Yep, it’s been very nearly a year since being diagnosed with acute leukemia in late February 2013. I have tried to be faithful to each stage through blogging, but this one has been the hardest. I have written this blog entry at least four times. Each manifestation has been different, with distinct tones, funny and light, hopeful, progress report etc. Then I sit and stare at it and erase. I might as well try to catch the wind and make it tangible. Everything in my life feels like it has been dumped out of the drawers and now needs organization and a place to go. That’s how it feels. We watched Captain Phillips last night and when, in the end, the military saves Phillips (Tom Hanks) and kills the Somalis and he is curled up into himself, in shock, and barely able to talk, I thought “I’ve looked like that so many times”. A part of me still does. Every time I came home from the hospital.
That is the dark of it—the memories. We draw in our breaths, waiting for the other shoe to drop, like it has so many times. At the same time, the progress is steady and real. We visit friends and entertain here. I wake up feeling good. I can even do something as normal and amazing as take a shower unencumbered by all the plastic needed to protect the Hickman. This piece of technology that I literally wore into my body so I didn’t have to punctured every time I got chemo for medication or blood and for the seemingly endless blood draws, has finally been removed. Standing under the flow of running warm water is indeed such a miracle. So . . . pause, drum roll, hooray! Triple knock on wood.
My hair is fuzzy, like a downy young bird’s feathers, still mostly dark, sprinkled with white too frequent to be negligible but not enough to dominate. Since it started growing first on top, I have a bit of a Mohawk, and Steve calls me Tweety Bird. The Cytomegalovirus is gone (a sign that Mariya’s immune system is working) and I am gradually being weaned off immune system suppressing drugs with no flares of Graft Versus Host Disease. For someone who had to sit down right on the road more than once to be able to make it down to our beach and back (about a mile roundtrip), my ability to walk easily now is another marvel. I now weigh about 110 pounds, enough to feel the roundness of hip again when I lay down, a lovely thing, and a reminder of being a woman instead of a skeletal 97 lb. girl.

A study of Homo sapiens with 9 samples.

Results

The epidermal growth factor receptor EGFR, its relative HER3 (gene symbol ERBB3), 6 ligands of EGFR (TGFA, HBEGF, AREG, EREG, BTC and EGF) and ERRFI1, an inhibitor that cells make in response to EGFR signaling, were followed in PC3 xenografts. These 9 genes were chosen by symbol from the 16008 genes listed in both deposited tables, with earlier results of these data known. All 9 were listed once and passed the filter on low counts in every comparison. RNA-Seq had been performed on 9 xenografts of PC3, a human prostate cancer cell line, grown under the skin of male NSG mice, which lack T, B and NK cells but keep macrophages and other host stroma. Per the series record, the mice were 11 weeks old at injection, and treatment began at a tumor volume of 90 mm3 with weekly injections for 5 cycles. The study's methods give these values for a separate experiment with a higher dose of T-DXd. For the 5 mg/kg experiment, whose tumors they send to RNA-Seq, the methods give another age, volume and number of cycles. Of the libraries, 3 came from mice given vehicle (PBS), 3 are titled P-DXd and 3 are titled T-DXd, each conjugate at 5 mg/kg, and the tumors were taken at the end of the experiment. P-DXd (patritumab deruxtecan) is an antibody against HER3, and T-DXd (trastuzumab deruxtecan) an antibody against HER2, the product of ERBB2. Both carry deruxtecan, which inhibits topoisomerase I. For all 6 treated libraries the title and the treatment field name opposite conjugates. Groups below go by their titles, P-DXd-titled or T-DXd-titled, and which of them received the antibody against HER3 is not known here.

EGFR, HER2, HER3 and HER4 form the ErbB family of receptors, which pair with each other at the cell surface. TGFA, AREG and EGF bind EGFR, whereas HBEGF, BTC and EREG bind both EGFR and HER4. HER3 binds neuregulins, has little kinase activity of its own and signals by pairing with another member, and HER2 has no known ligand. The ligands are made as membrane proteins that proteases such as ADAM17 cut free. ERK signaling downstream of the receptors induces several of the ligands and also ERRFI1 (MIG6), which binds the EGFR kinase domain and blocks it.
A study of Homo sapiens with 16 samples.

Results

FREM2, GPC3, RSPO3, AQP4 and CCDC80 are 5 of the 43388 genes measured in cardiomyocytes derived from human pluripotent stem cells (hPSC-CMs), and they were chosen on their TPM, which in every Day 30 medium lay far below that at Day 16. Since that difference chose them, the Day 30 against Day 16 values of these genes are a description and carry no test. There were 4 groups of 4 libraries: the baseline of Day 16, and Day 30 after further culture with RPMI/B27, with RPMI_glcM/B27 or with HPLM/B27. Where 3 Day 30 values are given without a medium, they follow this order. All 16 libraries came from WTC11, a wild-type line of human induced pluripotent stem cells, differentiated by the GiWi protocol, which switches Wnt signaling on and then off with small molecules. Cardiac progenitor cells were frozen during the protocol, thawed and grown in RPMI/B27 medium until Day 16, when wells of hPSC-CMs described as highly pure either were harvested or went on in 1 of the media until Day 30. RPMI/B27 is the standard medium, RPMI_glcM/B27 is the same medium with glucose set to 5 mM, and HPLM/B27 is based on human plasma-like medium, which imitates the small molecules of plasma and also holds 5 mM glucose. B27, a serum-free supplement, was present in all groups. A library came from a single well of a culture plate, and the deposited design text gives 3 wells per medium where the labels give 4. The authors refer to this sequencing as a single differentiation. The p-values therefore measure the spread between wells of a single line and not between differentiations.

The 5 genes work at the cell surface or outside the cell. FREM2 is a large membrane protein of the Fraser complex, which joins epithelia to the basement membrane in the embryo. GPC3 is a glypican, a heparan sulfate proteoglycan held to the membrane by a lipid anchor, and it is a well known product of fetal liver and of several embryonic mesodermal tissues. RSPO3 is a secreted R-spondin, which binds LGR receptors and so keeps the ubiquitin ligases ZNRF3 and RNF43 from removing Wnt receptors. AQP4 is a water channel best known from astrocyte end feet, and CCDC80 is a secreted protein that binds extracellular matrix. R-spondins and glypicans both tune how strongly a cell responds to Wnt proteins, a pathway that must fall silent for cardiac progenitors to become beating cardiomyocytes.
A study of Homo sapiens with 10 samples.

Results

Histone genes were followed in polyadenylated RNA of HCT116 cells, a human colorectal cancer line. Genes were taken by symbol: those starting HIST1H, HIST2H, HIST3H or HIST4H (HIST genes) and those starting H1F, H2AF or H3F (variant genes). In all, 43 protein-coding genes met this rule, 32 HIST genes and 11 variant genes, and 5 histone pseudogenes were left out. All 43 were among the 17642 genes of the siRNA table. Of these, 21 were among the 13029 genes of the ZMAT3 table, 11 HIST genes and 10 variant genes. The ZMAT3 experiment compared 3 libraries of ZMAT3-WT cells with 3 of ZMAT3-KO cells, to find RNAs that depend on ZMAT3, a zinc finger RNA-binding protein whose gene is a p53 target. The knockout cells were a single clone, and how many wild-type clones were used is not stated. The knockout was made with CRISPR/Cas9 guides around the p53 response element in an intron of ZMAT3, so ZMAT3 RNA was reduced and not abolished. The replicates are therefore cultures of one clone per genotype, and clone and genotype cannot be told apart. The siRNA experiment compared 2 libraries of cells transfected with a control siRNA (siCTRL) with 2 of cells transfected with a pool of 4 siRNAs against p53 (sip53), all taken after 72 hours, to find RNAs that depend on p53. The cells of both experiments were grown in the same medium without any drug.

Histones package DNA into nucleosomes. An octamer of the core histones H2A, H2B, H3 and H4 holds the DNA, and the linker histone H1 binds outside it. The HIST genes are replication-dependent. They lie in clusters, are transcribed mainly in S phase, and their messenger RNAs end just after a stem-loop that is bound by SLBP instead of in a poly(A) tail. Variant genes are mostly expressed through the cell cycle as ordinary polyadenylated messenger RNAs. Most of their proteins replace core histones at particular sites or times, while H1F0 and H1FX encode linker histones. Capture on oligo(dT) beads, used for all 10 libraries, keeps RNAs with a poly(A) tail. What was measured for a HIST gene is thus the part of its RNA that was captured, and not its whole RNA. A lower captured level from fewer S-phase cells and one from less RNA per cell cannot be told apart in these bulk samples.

Mariya has come to be with us for a month. She is our yoga teacher and helper/motivator in all things. Every morning we do yoga in the living room, all four of us. Jack’s yoga consists of one downward dog, then a restorative pose he holds for the rest of the session, following his breath in a gentle snoring sequence. Our moves are more complex, as we stretch our way out of a year with very little activity.
With her lovely young adult energy, Mariya poked and prodded us out of a lethargy that bordered on depression. That PTSD that had appeared around the edges of my consciousness had been quietly growing as our schedules diminished and the strict focus on medications calmed down. My way of fighting it for months had been distraction, which mostly consisted of hours on the computer, with twin Netflix and Facebook addictions. People would often ask me if I’d been reading. Well, no. I couldn’t concentrate on anything longer than a magazine article, a characteristic, I’m told, common to chemo brains. Now, I celebrate my slow return to books— but for months, during my most isolated days, it was me and many TV series and Youtube shorts keeping me company. For the first week with Mariya, I was horrified to learn that this had become my main topic of conversation as well. The couch, and my two-foot focus on a small screen, had become my most comfortable territory. Distraction and self-soothing were my weapons against PTSD.
Now my practice is different. I’ve learned to “stop the world” regularly, to quote from Castañeda via don Juan. Projects surround Steve and me like puppies competing for their mama’s milk. Every time I sit down, I think of another, long put off item on my to do list. But winter is starting to pass the baton to spring here. The pussy willows are coming out, daffodils are raising their glorious yellow blooms, the male robins are back in fine style. If I died tomorrow, I would have wanted to truly notice this glorious transition. If I am lucky enough to live for many more years, which I no longer take for granted, I want to wade now into this Quickening of island life. Thanks to all of you who believed in this moment and who helped make it a reality.